The NL Central is easily the worst division in baseball. There are four mediocre teams who each had a wide open door for a playoff berth, but each refused to step through it. The Reds nontendered players they had acquired in midseason trades. The Cubs are going to try Joc Pederson as an everyday player and they traded away Yu Darvish. The Brewers added Kolten Wong and stockpiled on buy-low players like Travis Shaw. The Cardinals fleeced the Rockies for Nolan Arenado, but they’d look much better with Wong. These four teams are essentially competing to see who gets eliminated by the Padres or the Dodgers in the Divisional Series.
Then there’s the Pirates who are competing for nothing in division that could be won with 88 wins according to PECOTA and 82 per FanGraphs’ playoff odds. FanGraphs gives the Pirates a 0.3 percent chance to make it to the postseason, and frankly, that seems high. That Pittsburgh could make it to the postseason in any simulation is really more of an indictment of the NL Central than anything.
The Sam Miller article exploring the alternate reality in which the Pirates are playing in October would begin with the rest of the division imploding: Kris Bryant never gets right, Tommy Edman turns back into a pumpkin, Christian Yelich gets stuck in 2020, the Yankees finally trade for Luis Castillo, etc. Way down the list of concatenations needed for the Pirates to be divisional champs would be Ke’Bryan Hayes wins the MVP, Bryan Reynolds gets groove back, and Steven Brault proves that 2020 wasn’t a fluke.
It would take much more than Hayes, Reynolds, and Brault to hit their 90th percentile projections, but those three players exceeding expectations isn’t all that unlikely.
Regardless of how barren the rest of the roster is, Hayes is an easy player to get excited about. His debut was certainly encouraging enough. In 95 plate appearances, he slashed .376/.442/.682 which was good for a 195 wRC+. A .450 BABIP clearly isn’t sustainable, but he wasn’t surviving on dinks and doinks. Per Baseball Savant, 55.4 percent of Hayes’s batted balls were hit at 95 mph or harder, and he topped out at 110.3 mph.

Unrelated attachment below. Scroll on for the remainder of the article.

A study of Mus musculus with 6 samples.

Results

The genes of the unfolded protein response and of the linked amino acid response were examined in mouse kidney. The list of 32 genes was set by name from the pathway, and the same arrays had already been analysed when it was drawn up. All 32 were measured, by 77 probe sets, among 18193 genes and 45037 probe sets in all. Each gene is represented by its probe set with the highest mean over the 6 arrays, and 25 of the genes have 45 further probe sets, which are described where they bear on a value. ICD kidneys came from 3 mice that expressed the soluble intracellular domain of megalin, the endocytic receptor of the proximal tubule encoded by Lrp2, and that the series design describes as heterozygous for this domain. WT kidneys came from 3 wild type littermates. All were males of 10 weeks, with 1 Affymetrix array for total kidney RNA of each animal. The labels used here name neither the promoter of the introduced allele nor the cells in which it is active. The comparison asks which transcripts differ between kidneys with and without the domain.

Coming up, Hayes had more of an up-the-middle approach, but in 2020, he started to create more loft which led to him hitting five homers in a handful of chances. It’ll be interesting to see how big league pitching adapts to him and how much the deadened ball affects his power, but he’s only 24 and the bat keeps getting better.
That Hayes’s offensive game has improved this much is just a bonus. With his glove, Hayes didn’t need to hit a ton to be a productive player. He was considered to be one of the best defenders in the minor leagues, and there’s definitely gold glove potential there. Defensive stats are hardly worth looking at for a 24-game sample, but four Defensive Runs Saved and three Outs Above Average match up with his reputation.
After coming out of nowhere, Bryan Reynolds went through a sophomore slump. After hitting .314/.377/.503 for a 130 wRC+ in his rookie 2019, Reynolds never got it together in the brief 2020 season. His .387 BABIP from 2019 portended regression, but the batted ball gods overcorrected and Reynolds didn’t do himself any favors. His .302 xwOBA was subpar and his strikeout rate rose 5.2 percentage points.
There’s talent on the team and on the farm, so the Pirates’ woeful state is all self-inflicted. According to Spotrac, only Cleveland figures to have a lower payroll in 2021 than Pittsburgh’s $41.7 million. The only player making more than $5 million this year is Gregory Polanco, and the only reason he’s still there is because it would be difficult to convince any other team to take him and his $11.6 million salary. Anyone making money that they could get rid of, they got rid of.
Joe Musgrove went to the Padres, Jameson Taillon went to the Yankees, and Josh Bell went to the Nationals. Trade rumors have circulated around Adam Frazier all winter, and it would be surprising if he ended the year with the Pirates.
So far, the lone major league contract given out by the Pirates has been to Tyler Anderson who will make $2.5 million in 2021. Anderson would have to fight for a rotation spot on virtually any other team—he was nontendered by the Giants who don’t have a ton of starting pitching depth—but in Pittsburgh’s depleted rotation, he’s their number three.
Bob Nutting didn’t need a pandemic as an excuse to cut costs. He would have done that regardless. He has done that regardless. The biggest free agent contract the Pirates have given out under Nutting is a three-year $39 million deal to Francisco Liriano. There are two explanations for that sort of frugality. Either Nutting’s Pirates can’t afford middle-tier free agents and he shouldn’t own a team, or Nutting doesn’t want spend for middle-tier free agents and he shouldn’t own a team.
That’s the tragic thing about the Pirates. There’s plenty of talent in the system beyond Ke’Bryan Hayes including Travis Swaggerty, Quinn Preister, and Oneill Cruz. Ben Cherington and his team have done a fine job rebuilding the system, but if he’s never allowed to spend, then it’s all going to be for naught. It won’t be long before Hayes is too expensive to keep. If they want to follow the Rays model and trade everyone before they reach their second year of arbitration, then the Pirates too could come up short of a World Series before tearing it all down to try again in a couple years. With the way Nutting has operated his team for the last 15 years, that’s the best case scenario.
Kenny Kelly is the managing editor of Beyond the Box Score.